Price battles escalate between Intel, AMD, and Cyrix, keeping PC prices low.
Intel is expected to cut prices on its Pentium II and Celeron processors October 25, a move that will be followed by price cuts on AMD's K6-2 and K6 processors in the same week.
When the dust settles, Intel's 333- and 300-MHz Celeron chips with integrated cache memory will be selling for $160 and $139, respectively, according to sources.
AMD's K6-2 and K6 chips, meanwhile, will sell for 25 percent less or lower. AMD typically releases wholesale prices for its chips that are 25 percent cheaper than Intel's products. But AMD chips typically sell for even less than that.
Interestingly, its processors are often available at retail for less than the official wholesale posted price. K6-2 chips will compete against the Pentium IIs for pricing while the K6 chips themselves will be priced against the Celerons.
AMD processors often appear in sub-$1,000 PCs. For example IBM offers an Aptiva consumer model E2U for $899 at retailers such as CompUSA. IBM also sells fully-configured systems with AMD processors, such as the Aptiva model E3U around the $1,000 price point with faster AMD processors.
Meanwhile, National Semiconductor's Cyrix arm continues to deliver ultra-low-cost chips. South Korea-based emachines is slated to come out with a $399 PC next month based on a Cyrix chip. Also, Microcenter is already selling a $399 PC with a Cyrix processor.
|Intel cutting low-end chip prices|
|Processor||Sept./Oct. '98 price||Oct. 25 price|
|333-MHz Pentium II||$234||$175*|
*estimates. Sources: Various
In addition, price erosion at the low end of the market acts like gravity for higher-end chips. Intel's new Katmai chip, a processor designed for performance PCs coming in the first quarter of 1999, will debut at under $600, according to sources, a relatively low price point for a new Intel chips.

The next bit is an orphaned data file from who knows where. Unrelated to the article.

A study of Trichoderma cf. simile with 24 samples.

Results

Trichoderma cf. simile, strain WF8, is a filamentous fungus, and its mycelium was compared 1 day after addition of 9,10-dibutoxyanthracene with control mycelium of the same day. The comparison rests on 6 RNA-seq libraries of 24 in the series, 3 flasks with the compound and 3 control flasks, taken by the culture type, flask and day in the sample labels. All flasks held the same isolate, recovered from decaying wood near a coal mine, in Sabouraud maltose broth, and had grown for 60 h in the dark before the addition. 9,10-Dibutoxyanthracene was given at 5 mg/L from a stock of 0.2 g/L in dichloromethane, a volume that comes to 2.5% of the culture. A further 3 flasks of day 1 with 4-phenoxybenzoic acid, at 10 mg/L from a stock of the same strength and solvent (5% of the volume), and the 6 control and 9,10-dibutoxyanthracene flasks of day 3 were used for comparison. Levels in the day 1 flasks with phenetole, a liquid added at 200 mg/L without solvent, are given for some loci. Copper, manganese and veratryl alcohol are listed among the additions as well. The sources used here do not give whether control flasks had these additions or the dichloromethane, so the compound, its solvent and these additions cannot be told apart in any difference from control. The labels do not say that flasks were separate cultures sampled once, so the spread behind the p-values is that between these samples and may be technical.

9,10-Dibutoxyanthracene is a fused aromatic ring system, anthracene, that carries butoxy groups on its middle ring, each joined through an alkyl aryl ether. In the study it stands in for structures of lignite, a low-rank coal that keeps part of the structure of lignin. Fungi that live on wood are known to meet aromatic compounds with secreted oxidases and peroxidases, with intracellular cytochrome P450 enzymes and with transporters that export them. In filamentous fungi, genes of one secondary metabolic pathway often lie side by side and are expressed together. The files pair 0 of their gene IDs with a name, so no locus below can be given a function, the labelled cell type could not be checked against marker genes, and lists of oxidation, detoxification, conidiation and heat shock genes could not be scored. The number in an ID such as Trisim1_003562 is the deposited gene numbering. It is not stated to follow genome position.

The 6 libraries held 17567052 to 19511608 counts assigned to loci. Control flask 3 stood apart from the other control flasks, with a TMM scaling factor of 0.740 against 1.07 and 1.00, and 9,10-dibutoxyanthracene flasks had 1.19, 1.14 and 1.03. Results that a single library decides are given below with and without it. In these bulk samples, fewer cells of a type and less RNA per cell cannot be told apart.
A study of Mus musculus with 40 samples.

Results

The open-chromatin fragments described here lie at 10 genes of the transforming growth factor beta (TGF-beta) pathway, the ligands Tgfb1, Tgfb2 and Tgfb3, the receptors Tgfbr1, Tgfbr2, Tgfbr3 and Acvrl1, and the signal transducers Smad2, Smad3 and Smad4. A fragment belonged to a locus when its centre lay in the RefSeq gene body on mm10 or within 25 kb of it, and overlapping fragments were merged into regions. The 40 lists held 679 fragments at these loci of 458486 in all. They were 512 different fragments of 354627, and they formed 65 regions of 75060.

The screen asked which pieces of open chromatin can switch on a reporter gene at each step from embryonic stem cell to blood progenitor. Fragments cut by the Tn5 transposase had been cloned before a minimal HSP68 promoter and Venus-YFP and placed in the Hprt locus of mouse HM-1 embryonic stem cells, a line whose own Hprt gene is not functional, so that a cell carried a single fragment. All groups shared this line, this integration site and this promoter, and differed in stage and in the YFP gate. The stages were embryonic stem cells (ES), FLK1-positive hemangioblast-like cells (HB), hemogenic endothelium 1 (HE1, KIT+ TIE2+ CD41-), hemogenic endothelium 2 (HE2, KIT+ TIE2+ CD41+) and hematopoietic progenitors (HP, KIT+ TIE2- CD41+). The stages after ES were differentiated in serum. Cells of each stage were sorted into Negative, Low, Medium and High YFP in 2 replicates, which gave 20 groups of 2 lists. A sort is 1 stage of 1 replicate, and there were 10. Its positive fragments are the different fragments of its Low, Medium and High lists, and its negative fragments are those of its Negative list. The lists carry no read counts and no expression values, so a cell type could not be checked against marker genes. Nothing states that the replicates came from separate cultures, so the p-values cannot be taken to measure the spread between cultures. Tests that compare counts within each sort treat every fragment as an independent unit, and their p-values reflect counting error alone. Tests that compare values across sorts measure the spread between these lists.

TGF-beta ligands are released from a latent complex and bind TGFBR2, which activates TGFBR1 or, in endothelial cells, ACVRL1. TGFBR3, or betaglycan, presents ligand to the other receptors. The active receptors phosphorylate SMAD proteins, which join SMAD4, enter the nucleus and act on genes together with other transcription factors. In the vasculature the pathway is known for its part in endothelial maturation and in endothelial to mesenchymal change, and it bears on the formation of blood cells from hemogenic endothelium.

AMD, for its part, will be releasing a 400-MHz version of the K6-2 in the fourth quarter, and the company may even be able to eke out small volumes of its next-generation K6-3 chip--which comes with integrated "secondary" cache memory for the first time--before the end of the year, said Dean McCarron, principal analyst at Mercury Research.
Prices haven't been confirmed, but they will likely be low. "If anything, it's Intel keeping up with AMD at this point," McCarron said.
While these price cuts are good for users because they lead to lower-cost PCs, the endless rounds of one-upsmanship are taking a toll on manufacturer's balance sheets.
AMD, for instance, is gaining market share but profits could remain elusive. AMD's chairman Jerry Sanders has said that AMD needs to get to the point where its processors have an average selling price of at least $100. McCarron, however, said that he estimates that AMD's current average selling price is around $80 to $90, the same place it was last quarter when AMD reported a financial loss.
Intel has not been spared either. The company is expected to report a rise in revenues for the third quarter compared to the second quarter and the same quarter a year ago. Earnings, however, will likely be less than they were a year ago, according to a consensus based on a poll of analysts on First Call. Intel will announce its earnings on October 13.
Others are not doing much better. National Semiconductor has reported consecutive financial losses this year and has said it will cut 1,400 workers. National also terminated a foundry agreement with IBM which will effectively force IBM to drop its own line of Intel clone chips.
"The low-end is a hotbed. Prices are dropping, margins are dropping, and they [National] have been getting hammered," said one source in the processor industry.